U.S. immigration law assumes that a person admitted to the United States as an immigrant will live in the United States permanently. Remaining outside the U.S. for more than 12 months may result in the loss of your legal permanent resident status and your green card may be taken away.
U.S. Government personnel (military and direct-hire civil service employees) and their spouses and minor children who hold legal resident status in the United States may remain outside of the United States for the duration of an official overseas assignment, plus four months, without losing their immigrant status. All other immigrants who hold U.S. resident status and reside out of the United States for more than 12 months without prior approval from U.S. Citizenship
and Immigration Services (USCIS, formerly INS) must obtain a new immigrant visa to return to the United States. Prior approval from USCIS consists of a re-entry permit which can only be applied for in the United States. The holder of a USCIS re-entry permit may remain outside of the United States up to 24 months. For more details on applying for a re-entry permit please visit the USCIS website.
A former immigrant who has lost U.S. resident status and desires to return to the United States as an immigrant must obtain a new immigrant visa based on either a new, approved immigrant petition or qualify for returning resident status. A U.S. relative (spouse, parent, adult offspring or sibling) or your U.S. employer may file an immigrant petition on your behalf in the normal manner. Information on the various types of immigrant and employment based petitions are contained elsewhere in this website.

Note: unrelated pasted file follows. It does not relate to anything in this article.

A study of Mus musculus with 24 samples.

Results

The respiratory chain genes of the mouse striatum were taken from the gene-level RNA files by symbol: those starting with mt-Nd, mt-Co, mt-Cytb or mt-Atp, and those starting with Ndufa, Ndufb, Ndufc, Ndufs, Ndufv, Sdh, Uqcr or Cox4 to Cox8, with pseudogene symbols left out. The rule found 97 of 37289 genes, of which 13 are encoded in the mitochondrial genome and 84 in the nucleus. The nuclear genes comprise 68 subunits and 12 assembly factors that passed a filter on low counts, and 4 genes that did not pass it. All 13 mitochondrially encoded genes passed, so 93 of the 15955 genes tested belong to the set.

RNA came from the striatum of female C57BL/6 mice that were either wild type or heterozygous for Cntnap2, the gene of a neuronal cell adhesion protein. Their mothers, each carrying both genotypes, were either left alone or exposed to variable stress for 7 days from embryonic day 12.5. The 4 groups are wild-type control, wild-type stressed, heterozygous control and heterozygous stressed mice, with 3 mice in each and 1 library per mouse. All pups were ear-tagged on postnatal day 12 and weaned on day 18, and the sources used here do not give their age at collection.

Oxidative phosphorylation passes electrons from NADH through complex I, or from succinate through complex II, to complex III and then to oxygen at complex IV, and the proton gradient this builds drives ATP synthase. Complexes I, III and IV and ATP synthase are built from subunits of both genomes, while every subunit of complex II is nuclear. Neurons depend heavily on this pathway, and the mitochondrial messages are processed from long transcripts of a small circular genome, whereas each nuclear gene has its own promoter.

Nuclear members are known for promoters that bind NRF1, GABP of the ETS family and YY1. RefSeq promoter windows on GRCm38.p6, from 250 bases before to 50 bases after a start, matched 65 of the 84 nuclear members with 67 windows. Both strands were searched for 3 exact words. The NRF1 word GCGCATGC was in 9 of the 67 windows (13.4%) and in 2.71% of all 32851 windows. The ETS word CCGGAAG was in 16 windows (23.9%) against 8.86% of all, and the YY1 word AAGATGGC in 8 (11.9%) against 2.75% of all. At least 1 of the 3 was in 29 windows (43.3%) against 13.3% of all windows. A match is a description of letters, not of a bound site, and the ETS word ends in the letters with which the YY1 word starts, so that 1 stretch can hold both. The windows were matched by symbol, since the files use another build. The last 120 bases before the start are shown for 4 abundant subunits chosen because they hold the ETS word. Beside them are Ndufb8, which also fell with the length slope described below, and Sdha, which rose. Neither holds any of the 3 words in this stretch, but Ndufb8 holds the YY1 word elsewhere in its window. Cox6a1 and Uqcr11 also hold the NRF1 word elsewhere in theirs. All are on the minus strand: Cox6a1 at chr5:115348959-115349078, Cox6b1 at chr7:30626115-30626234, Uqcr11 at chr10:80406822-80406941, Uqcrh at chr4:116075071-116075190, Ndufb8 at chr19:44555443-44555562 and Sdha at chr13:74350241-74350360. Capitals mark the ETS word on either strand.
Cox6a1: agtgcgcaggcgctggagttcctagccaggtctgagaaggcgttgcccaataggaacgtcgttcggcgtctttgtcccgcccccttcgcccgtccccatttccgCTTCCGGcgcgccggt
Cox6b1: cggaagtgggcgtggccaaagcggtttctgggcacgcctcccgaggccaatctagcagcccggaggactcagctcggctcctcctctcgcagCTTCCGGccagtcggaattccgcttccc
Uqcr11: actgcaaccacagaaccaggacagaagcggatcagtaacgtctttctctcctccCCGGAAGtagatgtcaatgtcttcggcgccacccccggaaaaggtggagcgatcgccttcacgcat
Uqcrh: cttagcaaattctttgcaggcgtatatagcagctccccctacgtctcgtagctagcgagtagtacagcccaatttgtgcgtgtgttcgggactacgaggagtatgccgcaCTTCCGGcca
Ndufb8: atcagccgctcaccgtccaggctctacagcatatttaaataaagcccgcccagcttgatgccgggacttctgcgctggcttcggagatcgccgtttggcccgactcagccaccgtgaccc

The second way is for the immigrant to apply for returning resident status. An application for returning resident status requires evidence of 1) the applicant's continuing, unbroken ties to the United States, 2) that their stay outside the United States was truly beyond the applicant's control and 3) that the intent of the applicant was to always return to the United States. Evidence may consist of continuous compliance with U.S. tax law, ownership of property and assets in the United States and maintenance of U.S. licenses and memberships. Having U.S. relatives, attending school overseas or stating an intent to return is generally insufficient. You must show proof.
Expired/Expiring green card
If your green card has expired or is expiring, please read the notice below:
A carrier notification letter was issued on September 13, 1999, notifying all air carriers that they should permit boarding to any bona fide U.S. Legal Permanent Resident (LPR) in possession of an expired I-551 with a 10-year expiration date, if the expiration date on the card is the only reason that the LPR would otherwise not be boarded.
Carriers also were informed that this policy does not affect the Conditional Permanent Resident in possession of a Form I-551 with a 2-year expiration date. The Conditional Permanent Resident in possession of an expired Form I-551 must continue to have evidence that the Form I-551 expiration date has been extended.